How Has Elemental Analysis Changed Over Time?
May 24 2021
From pharmacology and drinking water quality to oil and gas, elemental analysis has played a key role in advancing modern science. Analysing the unique elemental composition of a material unlocks a deep understanding of how it can be used and how it will react with other substances. The process has evolved and advanced over the decades, with scientists continually developing new ways to map elemental composition. Here’s a look at how elemental analysis has changed over time:
The role of the periodic table
Elemental analysis is founded in the periodic table, a tabular display that sorts the chemical elements according to atomic number, configuration of electrons and chemical properties. Sorting the elements in this way reveals periodic trends and creates a sense of order.
The development of the periodic table is credited to Russian chemist Dmitri Mendeleev, who developed the vertical table layout in 1869. He even left gaps for undiscovered elements that he suspected existed but had yet to identify. While Mendeleev receives most of the credit, he wasn’t the first scientists to attempt to group the elements based on properties. French chemist Antoine Lavoisier experimented with the idea in 1789, with German chemist Johann Döbereiner also recognising and grouping elements with similar properties in 1829.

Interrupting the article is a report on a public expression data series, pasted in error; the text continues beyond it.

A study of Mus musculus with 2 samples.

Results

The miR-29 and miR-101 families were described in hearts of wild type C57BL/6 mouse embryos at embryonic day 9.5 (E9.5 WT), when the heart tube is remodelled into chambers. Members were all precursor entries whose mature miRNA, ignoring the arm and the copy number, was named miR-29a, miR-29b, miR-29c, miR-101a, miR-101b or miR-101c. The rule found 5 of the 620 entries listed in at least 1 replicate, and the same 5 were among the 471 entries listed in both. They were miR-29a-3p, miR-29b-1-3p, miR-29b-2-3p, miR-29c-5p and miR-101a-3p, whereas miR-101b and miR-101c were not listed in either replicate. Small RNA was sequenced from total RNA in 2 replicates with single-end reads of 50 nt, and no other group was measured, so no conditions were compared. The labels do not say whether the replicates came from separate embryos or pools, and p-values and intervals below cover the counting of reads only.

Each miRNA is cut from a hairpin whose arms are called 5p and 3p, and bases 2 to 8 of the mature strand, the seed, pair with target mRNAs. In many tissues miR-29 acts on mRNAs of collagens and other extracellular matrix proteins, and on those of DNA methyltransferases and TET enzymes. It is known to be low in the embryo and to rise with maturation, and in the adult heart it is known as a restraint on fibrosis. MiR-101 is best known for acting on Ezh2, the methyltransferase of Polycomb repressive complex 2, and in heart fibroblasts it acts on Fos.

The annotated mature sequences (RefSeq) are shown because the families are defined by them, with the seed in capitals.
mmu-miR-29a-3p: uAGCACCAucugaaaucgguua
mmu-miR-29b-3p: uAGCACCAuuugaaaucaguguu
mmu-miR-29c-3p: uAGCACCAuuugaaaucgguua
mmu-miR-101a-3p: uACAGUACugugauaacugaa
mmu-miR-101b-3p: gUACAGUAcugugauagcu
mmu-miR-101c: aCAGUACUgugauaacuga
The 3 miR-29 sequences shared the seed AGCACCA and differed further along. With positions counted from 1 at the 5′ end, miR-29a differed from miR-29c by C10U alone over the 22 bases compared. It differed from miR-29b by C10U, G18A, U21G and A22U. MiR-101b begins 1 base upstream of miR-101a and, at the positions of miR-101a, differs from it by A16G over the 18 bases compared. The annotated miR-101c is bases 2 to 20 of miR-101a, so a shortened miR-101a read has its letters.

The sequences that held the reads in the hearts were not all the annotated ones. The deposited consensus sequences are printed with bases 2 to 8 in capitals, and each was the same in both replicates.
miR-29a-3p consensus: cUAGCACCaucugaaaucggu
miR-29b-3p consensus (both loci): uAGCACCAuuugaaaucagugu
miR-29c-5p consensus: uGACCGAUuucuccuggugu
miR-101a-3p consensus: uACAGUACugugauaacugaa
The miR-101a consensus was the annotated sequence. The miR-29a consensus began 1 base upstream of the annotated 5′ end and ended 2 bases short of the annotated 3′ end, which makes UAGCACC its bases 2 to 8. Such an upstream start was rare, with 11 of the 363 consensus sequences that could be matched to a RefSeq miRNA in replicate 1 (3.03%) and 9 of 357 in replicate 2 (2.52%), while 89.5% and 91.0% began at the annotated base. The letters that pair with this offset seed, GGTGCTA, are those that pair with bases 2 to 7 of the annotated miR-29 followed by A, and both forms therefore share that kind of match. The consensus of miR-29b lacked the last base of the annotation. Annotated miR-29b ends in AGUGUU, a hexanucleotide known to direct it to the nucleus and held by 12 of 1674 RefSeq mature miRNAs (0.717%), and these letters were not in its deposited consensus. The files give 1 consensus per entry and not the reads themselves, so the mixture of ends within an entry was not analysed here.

The first flame photometer
In 1873 a team of scientists developed what is widely recognised as the first flame photometer. As well as analysing an unknown sample, the instrument used a second flame to analyse a sample of a known concentration. The emission intensities of each flame were then compared, allowing scientists to calculate sodium concentrations to within 5% accuracy.
A new era of instruments
In the 1980s Canadian-based company MDS Sciex launched the first commercial Inductively Coupled Plasma Mass Spectrometry (ICP-MS) system. This marked a new era for elemental analysis and allowed scientists to accurately measure elements at trace levels. Around the same time, German company KONTRON developed Inductively Coupled Plasma Optical Emission Spectroscopy (ICP-OES) instruments, with the use of argon gas promising lower detection limits and higher accuracy.
The advent of ASTM International
Founded in 1902, ASTM International develops and publishes more than 12,000 standards every year. Hundreds of these standards are specific to the energy industry and set an international benchmark for elemental analysis of oil and gas. Today methods like the Standard Test Method for Sulphur in Petroleum Products by Wavelength Dispersive X-ray Fluorescence Spectrometry are used in laboratories around the world, offering a fast and accurate way of measuring sulphur content.
Today, companies like TE Instruments are at the vanguard of advances in elemental analysis. Find out more about the latest Xplorer-V analyser in ‘Total Sulfur and Total Nitrogen analysis – Horizontal versus Vertical furnace arrangement.’